Jewish Vision of Nationhood Through the Eyes of Moses Mendelssohn

A few days ago, I wrote down my thought on Romans 9-12 (see the previous post). Today, I attended an AKC lecture at King’s College titled Dreams and Nightmares: Jewish Political and Literary Visions of Nationhood, c 1840. Considering that it was a 50-minute-only lecture, the information given was quite a lot.

This lecture asks the following questions: how do religious dreams shape modern political visions, or do new political aspirations reshape older religious dreams? Do religion and politics inspire or clash with each other?

Hopefully, as Christians, we know at least a little bit about the destruction of Jerusalem and the Temple in 70 A.D. As argued by our professor, Jews experienced not only a loss of political authority but also fell into a partial captivity as exiles. The sovereignty of religion had departed from them.

With their hope rooted in the ancient land, Jews continued to live according to God’s commandment in every aspect everywhere they go. They are still longing to rebuild the temple and expecting their Messiah to return.

Some Hebrew poems that we have read, like that written by Judah ha-Levi titled “Won’t you ask, Zion”, are actually deeply moving. Sometimes I wonder why I am so ignorant of Paul’s love for His brothers in flesh.

The most interesting thing I have learned, however, is Moses Mendelssohn’s view of the Jewish vision of nationhood.

Moses Mendelssohn, the grandfather of the famous composer Felix Mendelssohn, was a celebrated Jewish philosopher. Many equated him as the symbol of the Jewish Enlightenment. In 1769, a Zurich pastor named John Lavater and Mendelssohn debated with each other on Judaism and Christianity, and ever since, he devoted a majority of his time on Jewish apologetics while urging the pursuit of peace between Jews and Christians.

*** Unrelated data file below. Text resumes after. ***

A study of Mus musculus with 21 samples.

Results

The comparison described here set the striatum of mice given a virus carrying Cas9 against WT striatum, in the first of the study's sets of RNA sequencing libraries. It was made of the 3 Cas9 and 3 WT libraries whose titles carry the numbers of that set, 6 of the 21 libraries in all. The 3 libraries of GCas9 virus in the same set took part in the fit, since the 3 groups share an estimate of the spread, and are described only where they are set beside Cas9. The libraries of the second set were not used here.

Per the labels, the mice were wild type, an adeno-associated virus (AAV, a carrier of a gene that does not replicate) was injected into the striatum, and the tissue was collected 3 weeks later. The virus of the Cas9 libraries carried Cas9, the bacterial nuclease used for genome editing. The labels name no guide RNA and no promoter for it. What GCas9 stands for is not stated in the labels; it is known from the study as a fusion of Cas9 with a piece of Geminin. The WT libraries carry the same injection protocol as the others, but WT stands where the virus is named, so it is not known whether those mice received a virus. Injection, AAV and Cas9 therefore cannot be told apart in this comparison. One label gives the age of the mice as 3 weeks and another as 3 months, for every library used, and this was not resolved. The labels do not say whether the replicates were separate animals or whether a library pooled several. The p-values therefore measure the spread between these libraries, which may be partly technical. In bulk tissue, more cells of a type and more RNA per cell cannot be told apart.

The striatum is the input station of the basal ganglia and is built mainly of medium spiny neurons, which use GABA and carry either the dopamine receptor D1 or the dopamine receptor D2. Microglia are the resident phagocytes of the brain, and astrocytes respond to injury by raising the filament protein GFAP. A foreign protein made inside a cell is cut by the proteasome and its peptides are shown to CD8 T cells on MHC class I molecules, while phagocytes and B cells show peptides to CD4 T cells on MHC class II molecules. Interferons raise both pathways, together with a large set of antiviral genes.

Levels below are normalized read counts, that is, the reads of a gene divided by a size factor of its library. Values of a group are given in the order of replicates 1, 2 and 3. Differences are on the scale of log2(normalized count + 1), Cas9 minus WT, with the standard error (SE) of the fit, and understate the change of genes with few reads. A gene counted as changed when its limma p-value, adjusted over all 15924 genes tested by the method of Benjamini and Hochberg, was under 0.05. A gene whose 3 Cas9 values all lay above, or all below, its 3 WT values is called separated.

Unlike many Jews of his times and today, Moses Mendelsohn believed Jews should not act on the “political side” of the dream of their nationhood. Mendelsohn specifically quoted from The Songs of Songs (e.g. 2:7 and 3:5) to argue that without the miracles and signs as mentioned in the Scripture, Jews must not take the smallest step in the direction of forcing a return and a restoration of our nation.

In other words, Mendelssohn believed that “the return to the holy land” cannot be assumed as an embodiment of any political meaning; it has to remain in God’s realm.

This is fascinating because this view aligns so much more with the view that many New Testament believers hold (perhaps excluding Christian Zionists).

One wonder if the grandfather’s work had anything to do with Felix Mendelssohn’s conversion from Judaism to Christianity. Regardless, Felix demonstrated how one could be Jewish by ethnicity, Christian by religion, and German by culture.

Regardless, just like what I have written in the previous post, we should always love and respect our neighbor – both Jews and gentiles – while praying that they may all see and put their faith in the Lord Jesus, the Seed of Abraham and the promised Seed of the Serpent-crusher.